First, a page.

Trees travel a long way to Colorado homes
by Erin Frustaci
While other boys dreamed of becoming baseball players, astronauts or firefighters, Clark Gernon dreamed of Christmas trees. And while those other boys may or may not have grown up to play major league, lift off to outer space or fight fiery blazes, Gernon has not only grown Christmas trees, but has become an expert in the science behind them.
"I always wanted to grow Christmas trees," said Gernon, 62, of Louisiana. "I have no idea where it came from. I might have arrived on Earth pre-programed."
Gernon is the owner and founder of Shady Pond Tree Farm in Louisiana, and he started by planting his first group of trees in 1979. This year, as he looks out his window, a thick scene of 14,000 trees happily unfolds. Over the years, Gernon has learned a thing or two about tannenbaums, having served on the National Christmas Tree Association for 10 years and then becoming the founding chair of the scientific research committee.
He can tell you all about the process, the variety of species and even cloning. Christmas trees have undoubtedly become more than a holiday tradition for Gernon, but for the average person they simply encompass the holiday spirit.
Before the shiny tinsel and ornaments are hung or the neatly wrapped presents are placed under its outstretched branches, a Christmas tree embarks on quite a journey. Whether it comes from a tree farm, garden center, chain store or retail lot, Christmas trees have become an ever-growing industry. According to a consumer survey from the National Christmas Tree Association, last year, 28.6 million trees where purchased for about $1.2 billion.
Karl Brown, GPS Coordinator and Vegetation Mapping Program Manager for the National Parks Service, said in Colorado, most trees get shipped from more lush locations and that they are planted and cultured like a crop.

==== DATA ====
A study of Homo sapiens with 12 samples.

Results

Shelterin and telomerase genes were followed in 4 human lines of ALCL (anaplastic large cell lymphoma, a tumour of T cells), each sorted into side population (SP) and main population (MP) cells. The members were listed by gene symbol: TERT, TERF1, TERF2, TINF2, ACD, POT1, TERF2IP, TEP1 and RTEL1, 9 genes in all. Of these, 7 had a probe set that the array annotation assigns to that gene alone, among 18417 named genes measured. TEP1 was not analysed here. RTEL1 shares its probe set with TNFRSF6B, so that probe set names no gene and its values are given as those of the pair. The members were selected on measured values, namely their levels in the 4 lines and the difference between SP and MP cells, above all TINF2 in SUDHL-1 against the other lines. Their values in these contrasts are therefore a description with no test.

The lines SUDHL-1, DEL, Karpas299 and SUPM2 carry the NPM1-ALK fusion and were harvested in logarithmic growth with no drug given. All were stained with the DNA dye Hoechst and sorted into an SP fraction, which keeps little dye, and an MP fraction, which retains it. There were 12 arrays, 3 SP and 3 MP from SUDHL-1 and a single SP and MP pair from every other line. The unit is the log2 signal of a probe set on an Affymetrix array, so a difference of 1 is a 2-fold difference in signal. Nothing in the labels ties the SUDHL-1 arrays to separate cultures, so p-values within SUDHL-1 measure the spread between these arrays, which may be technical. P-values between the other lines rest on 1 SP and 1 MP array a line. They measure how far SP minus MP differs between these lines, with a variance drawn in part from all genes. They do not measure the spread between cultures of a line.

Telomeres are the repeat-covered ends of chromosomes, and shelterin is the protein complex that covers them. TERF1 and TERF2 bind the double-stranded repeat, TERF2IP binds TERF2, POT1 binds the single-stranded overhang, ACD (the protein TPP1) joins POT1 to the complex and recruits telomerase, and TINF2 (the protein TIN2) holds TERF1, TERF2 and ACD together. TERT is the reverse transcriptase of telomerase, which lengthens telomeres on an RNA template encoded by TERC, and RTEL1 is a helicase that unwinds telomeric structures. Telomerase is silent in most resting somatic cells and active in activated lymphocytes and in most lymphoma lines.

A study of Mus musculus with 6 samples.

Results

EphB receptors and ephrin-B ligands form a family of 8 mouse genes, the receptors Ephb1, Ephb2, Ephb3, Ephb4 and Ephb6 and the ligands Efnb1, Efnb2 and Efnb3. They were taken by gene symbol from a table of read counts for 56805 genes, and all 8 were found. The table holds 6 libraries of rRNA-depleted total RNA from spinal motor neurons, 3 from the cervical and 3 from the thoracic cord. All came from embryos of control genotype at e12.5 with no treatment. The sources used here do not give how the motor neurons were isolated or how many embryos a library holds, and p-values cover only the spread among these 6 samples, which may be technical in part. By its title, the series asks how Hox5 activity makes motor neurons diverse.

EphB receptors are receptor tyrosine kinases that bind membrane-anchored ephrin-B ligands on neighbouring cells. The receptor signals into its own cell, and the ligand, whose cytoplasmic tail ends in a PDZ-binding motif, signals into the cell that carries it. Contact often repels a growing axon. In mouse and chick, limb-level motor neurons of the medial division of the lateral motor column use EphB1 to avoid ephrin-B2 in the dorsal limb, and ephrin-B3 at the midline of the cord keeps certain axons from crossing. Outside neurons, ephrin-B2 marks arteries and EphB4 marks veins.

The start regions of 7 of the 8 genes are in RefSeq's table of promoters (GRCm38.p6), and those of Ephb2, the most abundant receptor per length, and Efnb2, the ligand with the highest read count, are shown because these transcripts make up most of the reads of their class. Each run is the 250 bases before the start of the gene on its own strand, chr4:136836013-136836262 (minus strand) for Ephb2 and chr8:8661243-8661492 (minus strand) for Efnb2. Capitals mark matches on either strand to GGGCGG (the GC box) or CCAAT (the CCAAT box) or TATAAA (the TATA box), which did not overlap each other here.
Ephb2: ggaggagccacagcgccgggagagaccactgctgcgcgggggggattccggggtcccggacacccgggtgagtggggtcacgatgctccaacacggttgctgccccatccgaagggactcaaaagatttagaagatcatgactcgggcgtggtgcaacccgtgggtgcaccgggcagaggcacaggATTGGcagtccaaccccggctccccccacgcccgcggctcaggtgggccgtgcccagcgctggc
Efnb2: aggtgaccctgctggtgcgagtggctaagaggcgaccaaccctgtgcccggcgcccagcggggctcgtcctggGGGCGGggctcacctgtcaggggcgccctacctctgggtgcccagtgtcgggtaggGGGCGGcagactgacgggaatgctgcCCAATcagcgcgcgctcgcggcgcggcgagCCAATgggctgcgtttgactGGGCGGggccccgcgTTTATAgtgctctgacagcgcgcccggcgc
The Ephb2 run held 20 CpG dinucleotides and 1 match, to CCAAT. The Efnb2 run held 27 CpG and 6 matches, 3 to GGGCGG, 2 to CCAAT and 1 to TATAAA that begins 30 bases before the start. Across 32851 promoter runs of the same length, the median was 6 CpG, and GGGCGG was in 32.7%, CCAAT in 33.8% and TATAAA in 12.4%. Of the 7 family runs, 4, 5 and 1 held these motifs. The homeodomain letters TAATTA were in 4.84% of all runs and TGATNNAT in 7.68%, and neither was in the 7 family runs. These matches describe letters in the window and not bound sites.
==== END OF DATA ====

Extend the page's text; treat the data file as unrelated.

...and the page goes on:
"The challenge here is we are living in a desert," he said. "Even though the Front Range goes up to the Rockies, the trees that grow here don't have as high a demand as trees that come from wetter places."
He said people want particular species that have a certain look or feel. Conifer trees by far tend to be much more popular than hardwoods, which is why Colorado native trees are not in high demand. Every year, Brown helps his son's Boy Scouts troop organize and run a Christmas tree lot in Fort Collins as a fundraiser. He said in the early years, the group would cut the trees, but now they get them from a wholesaler.
"We've had maybe 10 percent of people asking for native trees," he said. "It's not the majority, so it is not critical."
Richard Ortega, part-owner of Nick's Landscaping in Commerce City, said there are a handful of "choose and cut" locations around the state, but that the climate is just too dry and arid for many of the popular Christmas tree species. Nick's Landscaping is a wholesale yard and factory that was started in 1952 and supplies more than 120 lot operators throughout Colorado and surrounding states.